The Difference Between a Living Will and a Medical Power of Attorney

Understanding the Differences between a Living Will and a Medical Power of Attorney

As a part of the estate planning process, you want to take steps to protect yourself and ensure that your wishes are followed with respect to the medical care you receive, should you be unable to make your own decisions. There are two types of documents that address this contingency—a living will and a medical power of attorney. Each serves a somewhat different function and both can be implemented in the same estate plan.

The Medical Power of Attorney

The medical power of attorney, also known as a designation of patient advocate, actually transfers authority to make medical decisions to another person. Though it may specify some of the limits of the decision-making, it typically does not go into detail about the types of procedures that will or will not be acceptable. As a general rule, persons executing a medical power of attorney will meet with the designee in advance and carefully explain what type of care will be acceptable.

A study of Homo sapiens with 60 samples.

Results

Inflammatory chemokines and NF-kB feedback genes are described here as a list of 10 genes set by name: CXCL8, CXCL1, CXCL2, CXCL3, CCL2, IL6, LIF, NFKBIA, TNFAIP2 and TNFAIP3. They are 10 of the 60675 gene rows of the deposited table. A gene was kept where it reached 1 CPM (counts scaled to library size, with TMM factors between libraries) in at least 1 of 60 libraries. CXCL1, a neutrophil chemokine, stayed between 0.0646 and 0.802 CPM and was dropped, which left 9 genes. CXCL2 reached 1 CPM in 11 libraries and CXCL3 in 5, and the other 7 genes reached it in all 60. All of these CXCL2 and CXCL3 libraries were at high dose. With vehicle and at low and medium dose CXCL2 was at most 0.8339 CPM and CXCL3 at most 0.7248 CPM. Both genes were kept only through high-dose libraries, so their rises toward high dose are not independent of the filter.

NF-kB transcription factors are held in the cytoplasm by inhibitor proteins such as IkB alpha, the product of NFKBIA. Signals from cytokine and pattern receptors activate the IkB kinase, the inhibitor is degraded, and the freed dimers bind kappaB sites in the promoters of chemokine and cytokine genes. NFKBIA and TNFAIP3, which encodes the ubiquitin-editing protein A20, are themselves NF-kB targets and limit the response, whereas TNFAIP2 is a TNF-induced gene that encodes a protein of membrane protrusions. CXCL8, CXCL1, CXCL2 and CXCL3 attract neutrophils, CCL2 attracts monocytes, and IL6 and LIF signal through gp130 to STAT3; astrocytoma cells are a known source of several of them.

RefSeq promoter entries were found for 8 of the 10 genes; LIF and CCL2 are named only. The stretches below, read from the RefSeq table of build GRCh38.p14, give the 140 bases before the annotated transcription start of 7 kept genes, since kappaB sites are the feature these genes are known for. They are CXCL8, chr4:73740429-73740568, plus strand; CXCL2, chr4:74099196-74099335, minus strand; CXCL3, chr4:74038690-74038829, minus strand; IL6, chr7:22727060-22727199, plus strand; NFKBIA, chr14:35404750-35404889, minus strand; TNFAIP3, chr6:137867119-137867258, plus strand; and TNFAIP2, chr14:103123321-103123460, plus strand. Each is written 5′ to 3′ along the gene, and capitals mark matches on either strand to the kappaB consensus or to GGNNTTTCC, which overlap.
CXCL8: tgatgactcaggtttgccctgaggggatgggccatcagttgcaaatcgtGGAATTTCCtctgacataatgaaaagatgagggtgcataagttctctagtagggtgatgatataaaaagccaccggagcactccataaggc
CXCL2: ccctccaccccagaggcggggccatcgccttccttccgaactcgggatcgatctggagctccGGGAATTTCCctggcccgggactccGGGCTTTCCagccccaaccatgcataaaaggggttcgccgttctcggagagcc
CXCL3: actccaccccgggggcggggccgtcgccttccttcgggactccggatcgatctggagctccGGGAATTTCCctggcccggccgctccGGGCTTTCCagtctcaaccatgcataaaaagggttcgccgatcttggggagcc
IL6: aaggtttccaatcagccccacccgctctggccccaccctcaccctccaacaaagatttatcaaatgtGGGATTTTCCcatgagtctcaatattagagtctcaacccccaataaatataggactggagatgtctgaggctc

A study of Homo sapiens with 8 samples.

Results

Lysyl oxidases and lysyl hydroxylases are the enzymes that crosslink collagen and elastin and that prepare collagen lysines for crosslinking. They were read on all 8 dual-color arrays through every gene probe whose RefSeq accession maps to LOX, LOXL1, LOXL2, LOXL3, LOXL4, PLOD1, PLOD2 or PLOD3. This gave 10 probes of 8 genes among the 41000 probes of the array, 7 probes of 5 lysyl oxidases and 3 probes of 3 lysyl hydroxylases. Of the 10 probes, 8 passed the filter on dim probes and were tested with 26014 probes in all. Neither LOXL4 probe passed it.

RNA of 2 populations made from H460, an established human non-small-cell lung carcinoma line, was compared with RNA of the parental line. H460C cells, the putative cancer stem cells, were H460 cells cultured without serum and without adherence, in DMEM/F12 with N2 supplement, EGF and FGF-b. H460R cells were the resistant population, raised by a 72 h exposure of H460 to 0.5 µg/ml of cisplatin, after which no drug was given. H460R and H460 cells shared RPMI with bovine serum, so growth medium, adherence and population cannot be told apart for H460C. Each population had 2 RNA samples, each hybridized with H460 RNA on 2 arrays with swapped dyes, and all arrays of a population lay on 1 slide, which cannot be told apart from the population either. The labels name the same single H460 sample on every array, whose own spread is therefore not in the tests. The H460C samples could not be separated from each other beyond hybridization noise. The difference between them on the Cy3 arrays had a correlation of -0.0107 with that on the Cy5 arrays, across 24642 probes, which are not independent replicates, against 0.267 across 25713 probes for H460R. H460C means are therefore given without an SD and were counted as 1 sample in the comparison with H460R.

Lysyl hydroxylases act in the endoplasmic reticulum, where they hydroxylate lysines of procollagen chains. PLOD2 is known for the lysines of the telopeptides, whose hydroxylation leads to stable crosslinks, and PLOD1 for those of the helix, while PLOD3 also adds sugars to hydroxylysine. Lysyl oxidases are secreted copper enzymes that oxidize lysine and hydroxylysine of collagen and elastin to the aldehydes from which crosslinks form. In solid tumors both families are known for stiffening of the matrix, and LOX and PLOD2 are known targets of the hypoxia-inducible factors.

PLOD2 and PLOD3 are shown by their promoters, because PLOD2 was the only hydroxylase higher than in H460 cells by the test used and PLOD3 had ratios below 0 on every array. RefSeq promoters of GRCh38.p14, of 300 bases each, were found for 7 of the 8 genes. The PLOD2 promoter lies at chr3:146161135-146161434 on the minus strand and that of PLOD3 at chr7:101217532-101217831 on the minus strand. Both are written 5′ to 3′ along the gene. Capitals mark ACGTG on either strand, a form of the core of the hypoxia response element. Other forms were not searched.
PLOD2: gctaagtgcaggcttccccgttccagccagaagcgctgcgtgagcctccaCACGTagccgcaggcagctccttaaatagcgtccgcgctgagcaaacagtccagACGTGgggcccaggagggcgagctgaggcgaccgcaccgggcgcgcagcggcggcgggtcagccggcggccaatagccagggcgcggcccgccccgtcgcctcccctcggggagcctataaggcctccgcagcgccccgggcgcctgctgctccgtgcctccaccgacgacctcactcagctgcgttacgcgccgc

Because the medical power of attorney actually delegates or transfers decision-making authority, it generally has no effect unless triggered by specific events (which are usually described in the document itself). For example, a medical power of attorney may state that it only goes into effect if a licensed physician or mental health professional states in writing that the person named in the document lacks capacity to make his or her own decisions.

The Living Will

A living will, on the other hand, does not convey any authority or responsibility to anyone, but provides specific instructions to medical professionals regarding the types of treatment a person want. As a practical matter, living wills generally address life-saving measure and typically advise doctors and medical personnel that certain technologies are (or are not) to be used to sustain life. For example, a living will may state that the patient is not to be kept alive by artificial means, and may include a DNR (do not resuscitate) order, which precludes the use of certain technologies to bring a person back to life.